Those of you who follow motor sport and Grand Prix in particular will be only too aware of the high level of talent and commitment that runs throughout the whole paddock. Hard work and brains are the basic qualifications. From the Gladiators who wrap themselves in Nomex and steer the beasts, to those who perform mental gymnastics to create and run the machines, all are at the top of their professions. So too are the hardy band of photographers who, since F1 started the modern era back in 1950, have contributed so many fantastic and iconic images that have helped this sport, that is also a business, to achieve a global reach like no other. The roll of honour from the 50’s trips off the tongue, Klementaski, Alexander, Cahier (father & son), Goddard, Cooper, Mase, Asset, etc. etc. These days the work tends to be dominated by the agencies, LAT, DPPI and of course, Sutton Motorsport Images.
I first met Keith Sutton back in 1982 when he was a young man in a hurry to get to the top. I was able to assist him in a small way from the sidelines, then his brother Mark joined him and since then they have built a very successful agency, specialising in Formula One. Many of the images that the pair have produced are rightly famous. So here in SpeedHunters’ Photo Month I thought it appropriate to have a look at some magic from the Sutton Archive.
Just because something is a cliche does not make it less true, so the photo was naturally entitled “Flying Finn”. Mika Hakkinen launched his McLaren over the kerbs in Australia back in 1993. Mark Sutton was on alert and captured this fantastic shot.
Not one to be outdone, Keith Sutton was also on form in Australia back in 1986. Nigel Mansell was on course to win the World Driver’s Championship in his Williams Honda but was pitched out of the race and lost the title as a result of this puncture. Keith was the only one to get the shot, making a tidy sum for the agency.
The right place at the right time is certainly a prerequiste but as the golfer Gary Player once noted “The more I practice, the luckier I get”. To get this shot of Jenson Button celebrating winning the Championship in 2009 took anticipation plus perfect execution, no second chance.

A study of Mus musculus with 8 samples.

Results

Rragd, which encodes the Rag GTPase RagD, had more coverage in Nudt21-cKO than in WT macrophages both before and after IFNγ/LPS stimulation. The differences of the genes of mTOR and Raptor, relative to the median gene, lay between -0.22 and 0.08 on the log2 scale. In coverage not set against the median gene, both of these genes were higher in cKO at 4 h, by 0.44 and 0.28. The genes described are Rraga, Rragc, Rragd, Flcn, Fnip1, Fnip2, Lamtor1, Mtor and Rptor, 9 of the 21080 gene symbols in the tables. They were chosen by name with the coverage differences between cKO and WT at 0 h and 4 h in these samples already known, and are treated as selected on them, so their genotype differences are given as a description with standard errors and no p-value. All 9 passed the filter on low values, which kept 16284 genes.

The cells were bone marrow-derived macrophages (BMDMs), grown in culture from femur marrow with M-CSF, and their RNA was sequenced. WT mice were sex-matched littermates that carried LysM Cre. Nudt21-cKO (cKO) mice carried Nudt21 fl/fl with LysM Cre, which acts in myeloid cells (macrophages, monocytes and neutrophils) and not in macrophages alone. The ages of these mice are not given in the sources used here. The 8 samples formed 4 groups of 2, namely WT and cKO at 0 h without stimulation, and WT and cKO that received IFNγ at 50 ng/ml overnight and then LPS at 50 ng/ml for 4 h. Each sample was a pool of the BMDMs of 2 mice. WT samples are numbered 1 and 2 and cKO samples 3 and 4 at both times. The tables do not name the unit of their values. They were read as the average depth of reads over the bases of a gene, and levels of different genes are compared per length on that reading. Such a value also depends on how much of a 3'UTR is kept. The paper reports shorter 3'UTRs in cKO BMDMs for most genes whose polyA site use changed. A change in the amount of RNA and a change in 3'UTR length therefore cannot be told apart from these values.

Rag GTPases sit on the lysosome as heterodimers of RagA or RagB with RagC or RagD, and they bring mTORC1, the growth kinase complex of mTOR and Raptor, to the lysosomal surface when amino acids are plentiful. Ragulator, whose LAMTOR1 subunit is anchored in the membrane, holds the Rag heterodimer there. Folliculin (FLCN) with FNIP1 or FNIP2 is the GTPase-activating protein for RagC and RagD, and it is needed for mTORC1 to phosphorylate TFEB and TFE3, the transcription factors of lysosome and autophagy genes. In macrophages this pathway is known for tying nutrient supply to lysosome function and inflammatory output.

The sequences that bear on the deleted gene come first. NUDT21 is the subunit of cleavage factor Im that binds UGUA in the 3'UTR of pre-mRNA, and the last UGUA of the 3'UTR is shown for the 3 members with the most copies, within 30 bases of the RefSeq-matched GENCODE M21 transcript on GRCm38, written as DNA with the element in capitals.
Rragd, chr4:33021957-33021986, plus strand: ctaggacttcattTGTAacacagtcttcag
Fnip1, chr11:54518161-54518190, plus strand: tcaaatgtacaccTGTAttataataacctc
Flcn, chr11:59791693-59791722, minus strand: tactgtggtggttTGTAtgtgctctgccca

There would be no possibility of anticipating this image, Ralf Schumacher taking out his frustrations on his Toyota. Those of you who read the Sniff Petrol website would find this scene only too familiar. Life imitates art?
Ayrton seeks inspiration.
Ayrton celebrates. The great Champion, Ayrton Senna, played a central part in the development of Keith Sutton’s business. You can see some of the early material here.
Right up to the end of his life at Imola in 1994, Senna was often the subject of the agency’s best work.
To say that the Brazilian was controversial would be an understatement but that is where the drama and the news would be found. At Suzuka in 1989 the rivalry with Alain Prost boiled over.
A year later, still at Suzuka, now in rival camps, the same result. Both chasing the title, Senna forced Prost’s Ferrari off the road, this time ending up as Champion.
When not in conflict with his great French rival, Ayrton fought with Nigel Mansell…………200 mph and two inches apart…………
The point of all of this is to show that the vital moment is captured and not just once but consistantly, the mark of a great craftsman.
“Photographers deal in things which are continually vanishing and when they have vanished there is no contrivance on earth which can make them come back again.” Or so Henri Cartier-Bresson expressed it.
Schumacher in excelsis.
He could walk on water. But it takes real talent and application to convert the moment into an Image.
Sometimes the image is contemplative.
Intelligent guesses can be made as to where the action may occur.
And sometimes the action comes to you. Massa being released back into the race while still attached to his fuel rig appeared to be the big story in Singapore back in 2008.
In fact the Big Picture that day would prove to be the seemingly innocuous crash that Nelson Piquet Jnr. had all on his own, that had been suggested to him as a means for his team mate to make a miracle pit stop. Of course that would not be revealed for another half season.
Perhaps this small selection from the thousands and thousands of shots in the Sutton Archive reveals that great photography comes primarily from hard work and a deep understanding of the subject. The rest, such as technique and now application of software can be taught. Talent and graft cannot.
And for those of you who think that racing is all sunshine and grid girls, here is the Renault team in the snows of Silverstone. The glamour, the glamour.
I have been proud to be associated with the Sutton brothers for nearly 30 years, long may it continue.